Last year, I wrote The Joy of Our Salvation as a candid recount of the Easter Vigil calling it, “hands down the best liturgical experience I have ever had.” I was amazed by the transcendence in the liturgy, the energy in the congregation, the faith in the catechumens. Last year, everything went exactly as planned. It was an incredible success.
This year went a little differently.
Now a theology student with a little experience preaching, I was asked by the pastor of St. Camillus Church to give the English “reflection” for Good Friday, the celebration of the Lord’s passion (since it’s not a mass someone other than a priest often gives it.) I was honored. I was excited. Those who know me know that I love big liturgies and I love to preach. Come Friday morning, I felt really great about what I wrote and couldn’t wait to share it with a packed church on such an important day.
But things did not go according to plan. Starting around 4:00 that afternoon, I developed a headache which turned out to be a migraine. I was in pain and confused for a few hours. I felt dizzy and disoriented for much of the afternoon. I could see, but part of my vision was blurry. I took a long nap, got some medicine and right before the service started I felt a little better. Rather than have the pastor stand up and have to make something up, I decided to give it my best. I would be in a little pain, I thought, but that I could still do a decent job.
In front of my fellow student friars, four priests, and an almost packed church that included friends, strangers, and even one of my professors, I failed miserably. Within twenty seconds I lost my place. After a few sentences, I became downright confused. Looking directly at my written reflection, I could see the words but they meant absolutely nothing to me. I said one sentence a few times because it seemed completely incoherent. Three times I stopped, caught my breath and tried again. I looked at my paper again, but they were only nonsense words. I couldn’t do it. After three tries and about two minutes of embarrassment, I looked at the pastor, said “I’m sorry,” and began to cry as I walked away. I made it to the sacristy, fell to the floor, and cried as hard as I ever had.
I had failed.
I hope that this doesn’t come off too dramatic or even privileged, but it was easily one of the top three most painful experiences of my life. Not only was I in a good bit of pain, I embarrassed the heck out of myself, messed up the liturgy, and back in the sacristy, my classmates, two priests, and some strangers saw me crying, something I have not let people see in many years. How could this night have went any worse?
But then a friar sent me a text and my perspective began to change ever so slightly:
In no way should you feel embarrassed. It was incredibly brave for you to try to do it. I’m very proud of you for trying to tough it out, but also knowing when to ask for help. While I’m sorry you had to go through it, I think for most folks it was a rather poignant demonstration of what carrying the cross looks like in real life. Several people said to tell you what a beautiful homily it was. And it truly was.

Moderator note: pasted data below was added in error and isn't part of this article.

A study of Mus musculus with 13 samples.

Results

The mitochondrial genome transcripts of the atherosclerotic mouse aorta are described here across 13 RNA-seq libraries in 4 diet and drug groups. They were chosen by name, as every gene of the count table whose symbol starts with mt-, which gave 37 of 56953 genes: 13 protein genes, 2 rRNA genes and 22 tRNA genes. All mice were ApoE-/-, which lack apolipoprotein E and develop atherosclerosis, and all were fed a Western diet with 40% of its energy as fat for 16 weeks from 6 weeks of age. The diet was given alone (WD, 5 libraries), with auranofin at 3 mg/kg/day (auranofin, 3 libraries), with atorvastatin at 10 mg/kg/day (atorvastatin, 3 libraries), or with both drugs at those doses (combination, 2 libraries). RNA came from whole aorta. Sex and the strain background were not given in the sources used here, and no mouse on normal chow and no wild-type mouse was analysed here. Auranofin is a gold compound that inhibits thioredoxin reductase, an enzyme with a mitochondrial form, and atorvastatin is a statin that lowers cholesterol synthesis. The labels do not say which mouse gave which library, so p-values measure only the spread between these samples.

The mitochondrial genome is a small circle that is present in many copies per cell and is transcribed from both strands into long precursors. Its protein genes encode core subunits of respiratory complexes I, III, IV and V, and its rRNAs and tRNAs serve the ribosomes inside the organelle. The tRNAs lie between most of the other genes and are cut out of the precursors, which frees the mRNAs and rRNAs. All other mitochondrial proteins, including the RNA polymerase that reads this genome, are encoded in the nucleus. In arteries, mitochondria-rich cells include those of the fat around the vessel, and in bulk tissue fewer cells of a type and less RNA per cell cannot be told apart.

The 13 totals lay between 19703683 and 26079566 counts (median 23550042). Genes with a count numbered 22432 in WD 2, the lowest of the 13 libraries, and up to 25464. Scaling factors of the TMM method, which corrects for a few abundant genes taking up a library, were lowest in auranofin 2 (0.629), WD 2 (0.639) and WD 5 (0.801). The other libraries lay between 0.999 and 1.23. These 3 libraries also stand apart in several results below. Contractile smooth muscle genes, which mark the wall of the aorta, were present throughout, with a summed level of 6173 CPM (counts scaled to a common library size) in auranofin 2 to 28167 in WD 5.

By most definitions, what I did up there was anything but a success. I stumbled. I lost my place. I didn’t even get 1/3 of the way finished before I quit. And yet, the result was anything but a failure. There before me, I witnessed my brother stepping in to finish my words for me. I felt my classmates and random members of the choir come to bring me water and console me (like ten people crowded in the sacristy within seconds!) Some even mentioned later that the abruptness of the situation broke them out of the predictable pattern and awoke them to something more before them. How could it be that I was unable to do anything right, that the plan failed miserably, and yet Christ’s message came through?
God transforms our failures into his success.
I stood up, relying on my own strength, thinking that I was going to talk about the pain Jesus went through, the humiliation He experienced, and how He even wept, but my strength was not enough. I couldn’t do it by myself. And I didn’t have to. There we were celebrating the moment in history when Christ triumphantly took our pain and weakness upon himself, subsumed our failures into his perfection, and it began unfolding once again before our eyes. I wanted to talk about this event, but God wanted to show it. My weakness was turned into strength, my failure into success. The Paschal mystery could not be contained by words.
To say that this year’s Triduum celebration went off without a hitch would be far from the truth. Before my Easter this year, I had to experience one of the most difficult crosses of my life. Nobody likes to realize that they are not strong enough. Nobody likes to admit that sometimes we fail.
But we do. And that’s okay.
It is in our weakness that Christ is our strength. It is in our failings that Christ is our success. It is in the crosses we bear that Christ is our Easter joy. May we never be ashamed of our weaknesses, despairing over our failures, or refuse to carry our crosses. Sometimes we fail. Every time Christ succeeds. Happy Easter! Alleluia!